While our MP of the Month sat only briefly in the Commons after 1832, his parliamentary career provides valuable insights into two important aspects of nineteenth-century politics: the fluidity of party labels and the influence which money had in the selection of candidates.
A ‘dashing young man’, Samuel Bayntun was the son of a wealthy Wiltshire clergyman. After graduating from Oxford, he joined the army, serving with the 1st Dragoon Guards and then transferring to the 1st Life Guards. While stationed at York in 1827 he was asked to stand for that constituency at a future election as a ‘Protestant Tory’. At the 1830 general election he was elected as a supporter of ‘old true blue’ principles. By the time of the 1831 election, however, Bayntun’s political position had already begun to shift. Although he remained a Tory, he declared his support for the Whig ministry’s reform bill as a measure of constitutional ‘renovation’. Following his unopposed return, he maintained his support for parliamentary reform in the division lobbies.
In October 1832 Bayntun began canvassing at York in anticipation of that December’s general election. Finding his views on parliamentary reform ‘too liberal’, many of his former supporters, including his election committee, transferred their allegiance to another Tory, John Lowther. This left Bayntun reliant on the votes of York’s Reformers and ‘liberal Blues’. Although his election address emphasised his ‘strictly independent’ principles, it also declared his support for numerous ‘liberal’ measures, including reductions in public expenditure and taxation, the removal of sinecures and monopolies, reform of the Church, the abolition of slavery and amendment of the corn laws. On the hustings he even asserted that the ballot might prove necessary to secure purity of election. His opinions led some reports to describe him as a ‘reformer’ or a ‘liberal’. However, Bayntun insisted that he was ‘no less’ a Tory than before, although Wellington’s ‘despotic dicta’ against parliamentary reform had left Bayntun unable to support his ministry. He won the second seat at York, behind the Whig Edward Petre, with whom he shared 741 split votes. In contrast, he shared only 124 votes with Lowther, the Tory candidate.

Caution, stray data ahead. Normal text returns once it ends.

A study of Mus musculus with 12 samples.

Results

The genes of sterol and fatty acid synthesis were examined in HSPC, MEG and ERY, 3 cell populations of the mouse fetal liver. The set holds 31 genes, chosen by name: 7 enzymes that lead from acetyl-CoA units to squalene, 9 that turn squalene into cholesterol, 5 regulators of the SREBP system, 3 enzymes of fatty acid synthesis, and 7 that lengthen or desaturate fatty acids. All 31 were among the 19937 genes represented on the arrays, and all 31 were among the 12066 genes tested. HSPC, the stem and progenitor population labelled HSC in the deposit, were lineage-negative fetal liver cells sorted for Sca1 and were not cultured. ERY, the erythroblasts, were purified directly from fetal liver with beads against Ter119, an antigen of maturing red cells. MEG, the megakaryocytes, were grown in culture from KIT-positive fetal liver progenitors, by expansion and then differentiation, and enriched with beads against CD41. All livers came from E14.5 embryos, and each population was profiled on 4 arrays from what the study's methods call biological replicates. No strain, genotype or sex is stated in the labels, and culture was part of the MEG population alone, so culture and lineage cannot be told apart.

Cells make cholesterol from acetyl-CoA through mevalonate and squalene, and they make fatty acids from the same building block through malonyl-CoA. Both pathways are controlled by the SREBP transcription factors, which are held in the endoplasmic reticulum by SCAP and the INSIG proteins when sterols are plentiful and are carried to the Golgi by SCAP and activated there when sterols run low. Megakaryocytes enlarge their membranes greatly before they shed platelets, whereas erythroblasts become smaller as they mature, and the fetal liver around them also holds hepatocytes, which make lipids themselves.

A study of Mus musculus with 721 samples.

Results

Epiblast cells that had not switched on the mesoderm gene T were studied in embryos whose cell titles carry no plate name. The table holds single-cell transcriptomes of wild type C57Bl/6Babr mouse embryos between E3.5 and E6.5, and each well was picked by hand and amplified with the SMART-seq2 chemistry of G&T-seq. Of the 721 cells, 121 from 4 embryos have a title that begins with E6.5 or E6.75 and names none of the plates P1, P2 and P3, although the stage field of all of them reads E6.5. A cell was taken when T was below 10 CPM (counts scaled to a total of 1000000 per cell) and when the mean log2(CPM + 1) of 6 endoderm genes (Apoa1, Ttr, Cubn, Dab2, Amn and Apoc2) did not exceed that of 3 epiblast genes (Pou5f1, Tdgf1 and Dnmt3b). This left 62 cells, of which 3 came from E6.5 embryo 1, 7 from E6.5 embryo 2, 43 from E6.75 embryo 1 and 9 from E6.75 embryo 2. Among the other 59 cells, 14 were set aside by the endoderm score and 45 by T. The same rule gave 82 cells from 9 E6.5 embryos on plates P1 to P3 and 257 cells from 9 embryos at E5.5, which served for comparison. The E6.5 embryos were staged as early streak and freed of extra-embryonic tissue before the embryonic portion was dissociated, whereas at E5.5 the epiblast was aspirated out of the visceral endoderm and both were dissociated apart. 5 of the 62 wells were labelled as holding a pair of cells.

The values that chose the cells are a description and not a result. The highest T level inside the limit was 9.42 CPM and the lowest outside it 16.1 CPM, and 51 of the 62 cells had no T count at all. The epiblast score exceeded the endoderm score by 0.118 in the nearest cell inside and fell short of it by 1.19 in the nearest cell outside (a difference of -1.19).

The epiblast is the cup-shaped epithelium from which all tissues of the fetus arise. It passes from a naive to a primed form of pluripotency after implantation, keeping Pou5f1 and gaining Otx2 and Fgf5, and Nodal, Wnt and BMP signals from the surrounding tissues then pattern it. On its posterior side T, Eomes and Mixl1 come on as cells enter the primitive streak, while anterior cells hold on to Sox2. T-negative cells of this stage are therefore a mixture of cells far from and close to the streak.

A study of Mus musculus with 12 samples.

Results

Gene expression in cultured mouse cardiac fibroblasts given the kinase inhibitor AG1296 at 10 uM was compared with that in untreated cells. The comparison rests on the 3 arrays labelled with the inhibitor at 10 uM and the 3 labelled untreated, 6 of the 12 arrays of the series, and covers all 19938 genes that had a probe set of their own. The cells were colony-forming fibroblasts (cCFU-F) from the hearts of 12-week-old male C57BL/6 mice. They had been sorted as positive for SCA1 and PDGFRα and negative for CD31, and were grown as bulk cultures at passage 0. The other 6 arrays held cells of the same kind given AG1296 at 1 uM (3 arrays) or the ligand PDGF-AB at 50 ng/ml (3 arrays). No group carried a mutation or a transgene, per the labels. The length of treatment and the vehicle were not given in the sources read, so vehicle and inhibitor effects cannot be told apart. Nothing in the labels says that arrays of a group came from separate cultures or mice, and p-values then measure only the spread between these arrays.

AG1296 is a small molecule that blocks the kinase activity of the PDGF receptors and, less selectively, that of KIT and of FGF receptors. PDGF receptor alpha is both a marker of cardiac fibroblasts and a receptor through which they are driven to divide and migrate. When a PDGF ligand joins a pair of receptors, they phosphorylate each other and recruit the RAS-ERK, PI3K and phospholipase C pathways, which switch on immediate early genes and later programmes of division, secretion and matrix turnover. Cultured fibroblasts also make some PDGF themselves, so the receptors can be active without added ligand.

Reports on the composition of the new Parliament showed continued uncertainty about Bayntun’s party affiliation: the Morning Post classed him as a Conservative, while the Spectator described him as a Ministerialist and Reformer, and the Leeds Mercury considered him a Liberal. However, his votes in the division lobbies soon confirmed that he had abandoned his Conservative views, giving general support to Whig ministers, but also joining the minorities in support of Radical causes. These included the ballot, repeal of the house and window taxes, and the abolition of flogging as a military punishment.
Although Bayntun’s shifting political position was one reason for the defection of his former backers at York, another important factor was an ongoing dispute over the costs of the 1830 election. Bayntun claimed in September 1832 that he had been told that this earlier contest would cost him no more than £5,000, but, having paid out more than £11,000, he was still being asked for a further £3,000 or £4,000. In December he initiated court proceedings against the treasurer of his election committee, Mr. Cattle, for the return of money provided for the 1830 contest. With little prospect of Bayntun spending large sums in 1832, especially given rumours that he was heavily in debt, his former supporters turned to another candidate who was more likely to foot the heavy election expenditure which York’s freemen expected.
Bayntun’s court case against Cattle ended in humiliation in March 1833. While Bayntun’s counsel claimed that Cattle had embezzled funds, the jury found that Cattle had in fact spent all the money Bayntun had given him, much of it on bribery and corruption, with Bayntun’s knowledge. Bayntun was further embarrassed by another court case that April when he was charged with illegally pawning a looking-glass (valued at £6), which he had rented with other furniture for his London lodgings. Although the case was dismissed, it was indicative of his precarious financial position, with creditors looming. The ‘mental anxiety’ caused by his ‘pecuniary embarrassments’ was felt to have hastened Bayntun’s untimely death from scarlet fever in September 1833, aged just 29. According to an unconfirmed later account, he was buried secretly by torchlight in St. John’s churchyard, Devizes, ‘to prevent the seizure of his corpse by creditors’. In a curious and macabre final twist, one of Bayntun’s brothers, with whom he had quarrelled, exhumed the body and discharged a pistol into its face.
For Bayntun’s parliamentary career before 1832, see our 1820-32 volumes.